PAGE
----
Dave Beauchamp was walking out of an optometry store last week when he got a FaceTime call offering to help him meet expenses at his struggling downtown Michigan tavern, Champ’s Pub.
The caller was Dave Portnoy, a social media celebrity and founder of Barstool Sports, a sports blog and digital media company. Portnoy created a relief fund, fueled through donations including $500,000 of his own money, to help small businesses nationwide impacted by the coronavirus pandemic.
It’s the same fund that Kid Rock is helping to support. Rock tweeted on Monday that he made a donation of $100,000 to the fund and hopes others follow.
“THIS IS THE AMERICA I LOVE!” Put me down for 100K,” Rock tweeted. “And I only post this in hopes others as blessed as me may be moved to help out. – Kid Rock”
In a FaceTime call, Portnoy told Beauchamp: “We wanna help you out, we’ll be there, you’re in the fund… I’m glad to do it.”
Portnoy added, “I love the mustache, glad I got to see it in real life too,” referring to Beauchamp’s signature facial hair, which is also part of Champ’s logo.
It was Beauchamp’s son, David, who saw Portnoy on social media talking about the fund and told him that he had to do this.
“We sent in a brief history of the business and what we needed the money for,” Beauchamp said. “My son got a call a week ago yesterday that they were interested and wanted a short video.
Beauchamp’s son recorded a video of him talking about the business and its history.
On the FaceTime call, Portnoy told Beauchamp that “you’re the exact type of bar we want to help out.”
Beauchamp said he and Portnoy had a nice conversation. “It’s great to be recognized for all these years,” an excited Beauchamp said.
Champ’s Pub, now in its 40th year, is named after Beauchamp’s nickname “Champ.” The pub is known for its signature ground round burger and as a favorite local hangout.
“It’s the exact same product for 39 years,” Beauchamp. “Same bun, meat and cheese. The meat comes from a local butcher Marv’s Meats in Brighton.”
Beauchamp’s famed mustache has also been a mainstay and part of the Champ’s Pub logo since it got its start.
“I haven’t seen my upper lip since 1970,” Beauchamp said.
Right now, Champ’s Pub has seven employees. The restaurant and bar does carryout and has two igloos out front that help, Beauchamp said.
But it’s still a struggle.
“We hope it (the current ban on indoor dining) will be lifted,” Beauchamp said. “The numbers are down. People can go to Toledo and eat but you can’t in Michigan. It’s rather frustrating.”
Putting his money where his mouth is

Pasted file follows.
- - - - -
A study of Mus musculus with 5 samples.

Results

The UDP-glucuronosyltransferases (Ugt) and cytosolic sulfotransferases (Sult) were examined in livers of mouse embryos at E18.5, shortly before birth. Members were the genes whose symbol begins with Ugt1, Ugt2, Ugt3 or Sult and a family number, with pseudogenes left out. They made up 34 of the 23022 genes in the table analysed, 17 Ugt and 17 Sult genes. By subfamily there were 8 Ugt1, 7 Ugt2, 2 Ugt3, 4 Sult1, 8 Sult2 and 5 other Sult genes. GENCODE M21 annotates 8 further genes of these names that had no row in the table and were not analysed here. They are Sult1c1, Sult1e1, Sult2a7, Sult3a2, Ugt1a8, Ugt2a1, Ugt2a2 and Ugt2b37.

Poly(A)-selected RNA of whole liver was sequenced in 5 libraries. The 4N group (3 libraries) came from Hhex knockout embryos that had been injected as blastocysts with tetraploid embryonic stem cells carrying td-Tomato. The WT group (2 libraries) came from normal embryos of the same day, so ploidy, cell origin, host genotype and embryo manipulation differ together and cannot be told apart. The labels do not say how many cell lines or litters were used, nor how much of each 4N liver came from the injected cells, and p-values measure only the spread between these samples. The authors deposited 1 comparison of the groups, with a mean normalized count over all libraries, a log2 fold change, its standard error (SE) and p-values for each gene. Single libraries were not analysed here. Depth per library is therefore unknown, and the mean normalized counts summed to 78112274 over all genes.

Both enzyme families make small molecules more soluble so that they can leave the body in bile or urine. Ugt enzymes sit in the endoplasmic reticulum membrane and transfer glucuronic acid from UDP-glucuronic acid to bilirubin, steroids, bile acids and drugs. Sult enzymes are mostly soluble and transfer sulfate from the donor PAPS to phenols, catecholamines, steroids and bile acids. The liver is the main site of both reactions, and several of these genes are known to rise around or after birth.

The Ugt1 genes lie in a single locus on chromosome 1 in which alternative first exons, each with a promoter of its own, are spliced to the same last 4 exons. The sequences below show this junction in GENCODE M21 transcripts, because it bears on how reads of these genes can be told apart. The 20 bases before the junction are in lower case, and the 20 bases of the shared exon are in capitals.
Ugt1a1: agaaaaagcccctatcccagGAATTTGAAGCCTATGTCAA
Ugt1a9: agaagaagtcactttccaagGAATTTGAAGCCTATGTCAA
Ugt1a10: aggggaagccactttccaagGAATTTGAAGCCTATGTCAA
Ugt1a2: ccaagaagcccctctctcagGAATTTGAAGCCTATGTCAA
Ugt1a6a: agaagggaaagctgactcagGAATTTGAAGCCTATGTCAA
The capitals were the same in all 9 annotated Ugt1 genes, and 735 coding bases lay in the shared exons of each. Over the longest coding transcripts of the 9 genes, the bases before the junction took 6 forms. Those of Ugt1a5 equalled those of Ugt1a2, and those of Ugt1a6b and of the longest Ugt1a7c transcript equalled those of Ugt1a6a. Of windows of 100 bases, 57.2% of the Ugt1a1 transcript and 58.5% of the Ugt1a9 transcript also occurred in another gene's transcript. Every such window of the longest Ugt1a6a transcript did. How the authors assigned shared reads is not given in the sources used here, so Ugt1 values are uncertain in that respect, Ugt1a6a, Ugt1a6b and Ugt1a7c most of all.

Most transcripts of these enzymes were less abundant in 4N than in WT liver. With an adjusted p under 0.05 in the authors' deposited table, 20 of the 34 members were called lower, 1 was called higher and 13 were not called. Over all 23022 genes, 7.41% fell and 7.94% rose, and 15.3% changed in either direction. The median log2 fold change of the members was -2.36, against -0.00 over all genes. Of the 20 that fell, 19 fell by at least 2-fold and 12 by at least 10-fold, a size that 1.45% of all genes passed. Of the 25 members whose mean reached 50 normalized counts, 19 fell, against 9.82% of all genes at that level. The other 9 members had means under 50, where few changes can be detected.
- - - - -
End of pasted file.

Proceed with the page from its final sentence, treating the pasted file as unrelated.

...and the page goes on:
While Champ’s has been accepted in the fund, it has not received a check. And Beauchamp says he doesn’t know what the amount will be.
The businesses that have been accepted are profiled on the Barstool Sports website.
Champ’s Pub was described as a “Cheers” type of bar after the famed TV sitcom with the “Where Everybody Knows Your Name” theme song.
One of the rules for applying is that businesses must still be paying its employees. You also have to submit what you need the money for. The fund is open to gyms, restaurants, bars and more.
In a video on barstoolsports.com, Portnoy said he began the fund after ranting and raving about how restaurants are going to survive the pandemic. And then TV personality and entrepreneur Marcus Lemonis challenged him in a tweet to “put your money where your mouth is,” saying he’d put “500k if you match it to create a relief fund for NYC-area restaurants.”
And so the fund began. Portnoy put up $500,000 of his own money and started the fund aimed at helping restaurants and other small businesses survive COVID-19.
That was more than two weeks ago and since then the fund is now at $18 million in donations from more than 140,000 donors.
More than 70 businesses have been approved to be part of the fund. At barstoolsports.com/fund, the list of businesses and total donations is updated every 5 minutes.
The fund will help with expenses like payroll, rent and taxes.
How the fund works is that businesses need to apply by sending in a description of the business and meet the criteria of still paying its employees.
Portnoy’s intent is to help an industry that has been “dealt a hand nobody can play,” he said in a video. “We are going to try and save as many small businesses as we can.”